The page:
Cashing in on Olympic glory
Australian snowboarder Torah Bright is perfectly positioned to capitalise if she succeeds again in Sochi. Photo: Reuters
Olympic athletes aren't renowned for their personal wealth. Most juggle work with onerous training schedules and are lucky if they can scratch together enough money to reach their next event.
Only a handful of Australia's Winter Olympic team competing at Sochi this week are “professional” athletes – mostly thanks to government funding and sponsorships.
The rest fundraise, borrow money and rely on the generosity of family and friends. Bobsleigh athlete Gareth Nichols is an engineer in the mining industry, cross-country skier Aimee Watson is a vet, and freestyle skier Amy Sheehan writes children's books.
For them and many of their teammates, medal-winning success can open doors and purse-strings upon their return home that will secure their next few years of competition – if their managers are smart enough to cash in on lucrative sponsorship opportunities.
There are exceptions to every rule, though, with a number of athletes arriving to contest the Sochi Winter Olympics having already amassed large personal fortunes.
Australia's wealthiest Winter Olympian didn't make his money from sport. Canadian-born mogul skier Dale Begg-Smith, a gold medallist in Torino and silver medallist in Vancouver, is a software entrepreneur who drives a $300,000 Lamborghini and lives in the tax haven of the Cayman Islands. The notoriously media-shy athlete's net worth has been reported as anything up to $40 million.
Conversely, US snowboarder and dual Olympic gold medallist Shaun White's estimated net worth of more than $20 million has been built around his athletic exploits. He is so feted that his sponsors build private halfpipes around the world for his exclusive use. If he lands a third gold medal in the halfpipe competition at Sochi – he has controversially withdrawn from the slopestyle competition he could double that figure on his return to the US.
American ski racer Bode Miller has won three silvers, a gold and a bronze medal across a decorated Olympic career, with a lucrative Nike sponsorship helping to line his pockets to the tune of an estimated $8 million. The 36-year-old party boy is hoping to make the podium – and one final payday – in what is expected to be his final Olympics.
Fellow US teammate Ted Ligety is said to be worth $2 million. The alpine racer and Olympic gold medallist leveraged his success on the slopes to found a snow sports eyewear and helmet company, Shred Optics, that will likely keep him in the top tax bracket long after his podium days are over.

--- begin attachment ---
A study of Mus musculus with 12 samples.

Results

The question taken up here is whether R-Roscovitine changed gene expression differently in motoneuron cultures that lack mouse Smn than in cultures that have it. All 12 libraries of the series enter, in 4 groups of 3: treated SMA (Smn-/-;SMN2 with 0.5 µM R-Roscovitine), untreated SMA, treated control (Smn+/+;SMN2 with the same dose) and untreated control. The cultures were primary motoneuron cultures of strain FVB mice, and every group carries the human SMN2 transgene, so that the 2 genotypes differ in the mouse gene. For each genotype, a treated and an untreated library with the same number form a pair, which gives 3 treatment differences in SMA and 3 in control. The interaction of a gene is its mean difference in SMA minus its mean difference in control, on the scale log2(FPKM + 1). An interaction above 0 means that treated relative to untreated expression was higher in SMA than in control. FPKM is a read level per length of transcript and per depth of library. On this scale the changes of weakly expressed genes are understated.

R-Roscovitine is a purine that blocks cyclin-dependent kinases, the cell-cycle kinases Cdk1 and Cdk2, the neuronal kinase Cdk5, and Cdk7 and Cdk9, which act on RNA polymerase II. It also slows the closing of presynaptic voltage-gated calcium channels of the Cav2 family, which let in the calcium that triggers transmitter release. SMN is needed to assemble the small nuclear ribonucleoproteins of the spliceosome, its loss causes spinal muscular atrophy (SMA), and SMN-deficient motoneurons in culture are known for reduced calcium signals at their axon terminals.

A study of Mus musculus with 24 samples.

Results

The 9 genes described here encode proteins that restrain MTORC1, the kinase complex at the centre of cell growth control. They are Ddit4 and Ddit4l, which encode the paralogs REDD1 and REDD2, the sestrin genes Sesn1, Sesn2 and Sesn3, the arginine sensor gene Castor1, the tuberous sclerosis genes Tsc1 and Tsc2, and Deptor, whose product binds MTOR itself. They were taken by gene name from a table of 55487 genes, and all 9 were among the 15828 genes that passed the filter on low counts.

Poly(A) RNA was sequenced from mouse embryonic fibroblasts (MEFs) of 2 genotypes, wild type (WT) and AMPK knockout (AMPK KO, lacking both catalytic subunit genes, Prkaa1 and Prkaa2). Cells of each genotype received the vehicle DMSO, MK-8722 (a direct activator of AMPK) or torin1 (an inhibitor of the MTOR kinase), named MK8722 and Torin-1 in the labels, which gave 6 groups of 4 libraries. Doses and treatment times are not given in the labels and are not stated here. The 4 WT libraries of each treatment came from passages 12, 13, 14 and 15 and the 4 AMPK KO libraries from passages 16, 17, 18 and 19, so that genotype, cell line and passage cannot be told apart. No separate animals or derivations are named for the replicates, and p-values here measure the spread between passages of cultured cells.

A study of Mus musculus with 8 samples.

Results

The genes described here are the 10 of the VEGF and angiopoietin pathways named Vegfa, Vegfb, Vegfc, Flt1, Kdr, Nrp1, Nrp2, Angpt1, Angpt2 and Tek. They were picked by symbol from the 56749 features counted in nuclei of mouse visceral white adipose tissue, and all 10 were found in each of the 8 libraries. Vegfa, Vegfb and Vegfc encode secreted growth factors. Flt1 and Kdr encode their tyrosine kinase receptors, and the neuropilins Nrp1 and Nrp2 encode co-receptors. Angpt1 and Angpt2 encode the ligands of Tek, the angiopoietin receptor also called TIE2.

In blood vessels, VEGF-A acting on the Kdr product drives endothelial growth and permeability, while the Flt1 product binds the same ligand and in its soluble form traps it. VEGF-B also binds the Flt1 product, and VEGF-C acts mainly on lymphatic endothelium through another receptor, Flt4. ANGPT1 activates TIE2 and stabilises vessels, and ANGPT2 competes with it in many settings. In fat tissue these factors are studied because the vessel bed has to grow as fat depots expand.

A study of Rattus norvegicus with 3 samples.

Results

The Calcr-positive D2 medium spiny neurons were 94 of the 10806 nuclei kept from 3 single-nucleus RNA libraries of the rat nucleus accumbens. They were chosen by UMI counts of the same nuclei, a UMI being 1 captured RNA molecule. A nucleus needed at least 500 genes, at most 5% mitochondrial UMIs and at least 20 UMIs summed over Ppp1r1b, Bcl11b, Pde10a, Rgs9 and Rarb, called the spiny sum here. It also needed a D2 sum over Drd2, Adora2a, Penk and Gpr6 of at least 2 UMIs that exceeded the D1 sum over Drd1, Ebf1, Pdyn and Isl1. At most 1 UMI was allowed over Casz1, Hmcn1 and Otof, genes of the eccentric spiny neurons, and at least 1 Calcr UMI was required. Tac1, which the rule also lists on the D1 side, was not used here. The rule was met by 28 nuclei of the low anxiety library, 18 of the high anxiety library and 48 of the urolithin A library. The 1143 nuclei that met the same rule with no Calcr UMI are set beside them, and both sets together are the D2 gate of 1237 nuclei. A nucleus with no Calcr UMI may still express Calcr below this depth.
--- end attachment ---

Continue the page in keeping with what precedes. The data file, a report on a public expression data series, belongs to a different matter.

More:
Kim Yu Na
Meanwhile, in Korea, figure skater Kim Yu Na is said to earn $9 million a year from prizemoney, sponsorship and endorsements. She will be competing in her second Winter Olympics at Sochi after winning gold in Vancouver, and is the first female skater to win the Olympics, world championships, Four Continents championship and the Grand Prix final.
Winning gold isn't a guarantee of riches and endorsements, and sometimes a dash of controversy can have the same effect. Steven Bradbury famously achieved both, winning gold at Salt Lake City in 2002 in short-track speed skating after the rest of the pack fell over. He has since carved out a career in public speaking and media opportunities, penning a book and accepting a rumoured $100,000 sponsorship deal with computer firm BenQ as well as $20,000 from Australia Post for his image on a stamp in the year after his win.
Snowboarder Torah Bright is perfectly positioned to cash in on success in Sochi if she can back up her gold medal in Vancouver with another from the three events she will contest. Her success, clean-cut image and winning smile have already helped her ink a six-year global deal with surf and ski brand Roxy, and success in Sochi would bring a raft of new offers.
Australian aerialist Lydia Lassila also won gold in Vancouver and like Bright, is going back for more in Sochi. Since the last Olympics, Lassila has created her own brand of cold therapy packs, Body Ice, and is an ambassador for car company Suzuki who supply her with a Grand Vitara to drive.
Other top-rated medal chances for Sochi include Russ Henshaw and Anna Segal for ski slopestyle, Alex Pullin and Jarryd Hughes for snowboard cross, Scotty James for snowboard halfpipe and slopestyle, and Begg-Smith for moguls.
There is also a good chance that an underdog will overperform, or someone will “do a Bradbury” to rise from obscurity and grab both gold and a chance to profit from the commercial opportunities that will follow.
Most Olympians are not in it for the money, though, but it does help. Representing your country on the world stage pays off in other ways - pride, honour and a lifetime of stories to tell. No, you can't pay your mortgage with pride, but you can bet your bank manager will be thrilled by your Olympic tales.
Rachael Oakes-Ash is reporting on the Sochi Olympics at her website.